Financial rewards for serving as a volunteer firefighter are few and far between. That’s to be expected. since no one becomes a volunteer firefighter in order to get rich. In 2017, however, the Illinois legislature did add a small financial benefit to the volunteer service that has pretty much gone unrecognized. Public Act 100-0471 amended Section 10 of the Fire Protection District Act by adding Section 10d (70 ILCS 705/10d).

This new law allows a “volunteer firefighter” to purchase four vehicle tires every three years through the firefighter’s fire protection district’s contract to purchase vehicle tires under Section 2 of the Governmental Joint Purchasing Act. Before a firefighter seeks to take advantage of this new law, however, it’s important to note that there are some very specific qualifications that must be met to qualify for the purchases.

The firefighter must meet the definition of a “volunteer firefighter” as set out in the statute. Under that law, a “volunteer firefighter” is a person “ … who does not receive monetary compensation for his or her services to a fire protection district…”. Thus, if compensation is received by a firefighter in any form (perhaps excepting reimbursement for established out of pocket expenses), the firefighter does not qualify to purchase tires under this law.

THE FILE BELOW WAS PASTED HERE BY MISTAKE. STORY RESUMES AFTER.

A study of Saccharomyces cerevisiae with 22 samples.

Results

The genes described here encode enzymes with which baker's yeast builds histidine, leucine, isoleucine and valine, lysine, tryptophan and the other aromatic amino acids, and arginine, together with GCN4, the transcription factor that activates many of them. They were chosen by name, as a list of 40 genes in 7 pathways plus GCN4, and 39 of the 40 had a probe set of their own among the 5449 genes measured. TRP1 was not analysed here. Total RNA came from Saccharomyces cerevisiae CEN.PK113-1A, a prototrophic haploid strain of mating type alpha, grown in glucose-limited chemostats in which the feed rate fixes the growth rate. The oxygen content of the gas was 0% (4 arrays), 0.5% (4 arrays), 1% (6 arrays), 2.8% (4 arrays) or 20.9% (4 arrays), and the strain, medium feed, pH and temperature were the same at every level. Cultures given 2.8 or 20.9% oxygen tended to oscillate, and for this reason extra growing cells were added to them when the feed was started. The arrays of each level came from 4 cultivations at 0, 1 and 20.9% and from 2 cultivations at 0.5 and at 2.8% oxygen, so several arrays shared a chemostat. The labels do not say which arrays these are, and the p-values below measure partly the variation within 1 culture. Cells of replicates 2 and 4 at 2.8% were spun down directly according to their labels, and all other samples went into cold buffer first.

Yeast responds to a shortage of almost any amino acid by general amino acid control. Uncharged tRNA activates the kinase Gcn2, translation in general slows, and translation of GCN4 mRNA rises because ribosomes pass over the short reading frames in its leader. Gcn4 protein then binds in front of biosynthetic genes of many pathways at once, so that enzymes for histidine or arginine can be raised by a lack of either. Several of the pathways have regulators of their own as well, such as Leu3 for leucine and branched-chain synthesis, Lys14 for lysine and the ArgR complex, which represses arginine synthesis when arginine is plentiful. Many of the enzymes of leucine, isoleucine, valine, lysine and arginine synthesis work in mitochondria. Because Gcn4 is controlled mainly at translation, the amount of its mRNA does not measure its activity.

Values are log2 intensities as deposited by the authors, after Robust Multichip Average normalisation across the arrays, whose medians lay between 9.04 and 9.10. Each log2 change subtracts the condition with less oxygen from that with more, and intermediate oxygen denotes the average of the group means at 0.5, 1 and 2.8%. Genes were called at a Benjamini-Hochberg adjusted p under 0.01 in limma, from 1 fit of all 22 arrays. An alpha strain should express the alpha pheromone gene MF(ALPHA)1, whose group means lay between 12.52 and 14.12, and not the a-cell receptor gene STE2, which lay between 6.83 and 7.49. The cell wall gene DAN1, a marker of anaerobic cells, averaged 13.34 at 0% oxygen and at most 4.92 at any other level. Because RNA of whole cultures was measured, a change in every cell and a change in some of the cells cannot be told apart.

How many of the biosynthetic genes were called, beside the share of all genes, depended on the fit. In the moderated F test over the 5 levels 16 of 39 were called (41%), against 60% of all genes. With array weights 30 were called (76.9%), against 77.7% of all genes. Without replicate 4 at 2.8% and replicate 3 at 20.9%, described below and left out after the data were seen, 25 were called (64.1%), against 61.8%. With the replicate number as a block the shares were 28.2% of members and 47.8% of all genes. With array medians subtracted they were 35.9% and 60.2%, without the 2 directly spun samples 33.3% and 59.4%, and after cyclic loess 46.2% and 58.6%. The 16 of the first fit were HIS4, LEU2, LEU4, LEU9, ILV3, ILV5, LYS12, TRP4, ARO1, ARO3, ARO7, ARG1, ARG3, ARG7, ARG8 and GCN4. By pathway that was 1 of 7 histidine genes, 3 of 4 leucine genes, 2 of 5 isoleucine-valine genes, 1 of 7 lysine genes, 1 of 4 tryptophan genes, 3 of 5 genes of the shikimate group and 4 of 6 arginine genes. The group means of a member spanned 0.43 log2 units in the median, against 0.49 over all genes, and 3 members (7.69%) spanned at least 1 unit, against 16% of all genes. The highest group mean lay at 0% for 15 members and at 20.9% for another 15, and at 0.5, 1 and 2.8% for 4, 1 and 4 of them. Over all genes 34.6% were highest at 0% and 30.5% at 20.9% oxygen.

In addition, the firefighter must be shown as a firefighter on the rolls of the fire department, and must be authorized, in writing, by the fire chief on the fire district’s letterhead, to make the purchase.

The writing must include the firefighter’s name, the license plate number of the vehicle that will receive the new tires, and must reference the fire protection district’s joint purchasing agreement.

There is no requirement under the statute that there be any reporting of the purchases beyond the fire district itself: the fire protection district itself is responsible for documenting how many tires each volunteer firefighter can purchase under the statute every three years.

As might be expected, the firefighter who receives the tires must pay for the tires, including any taxes related to the purchase. The purchases are not considered tax exempt.

One technical requirement for the purchases is that it only applies to contracts first solicited under Section 4 of the Governmental Joint Purchasing Act on or after September 8, 2017.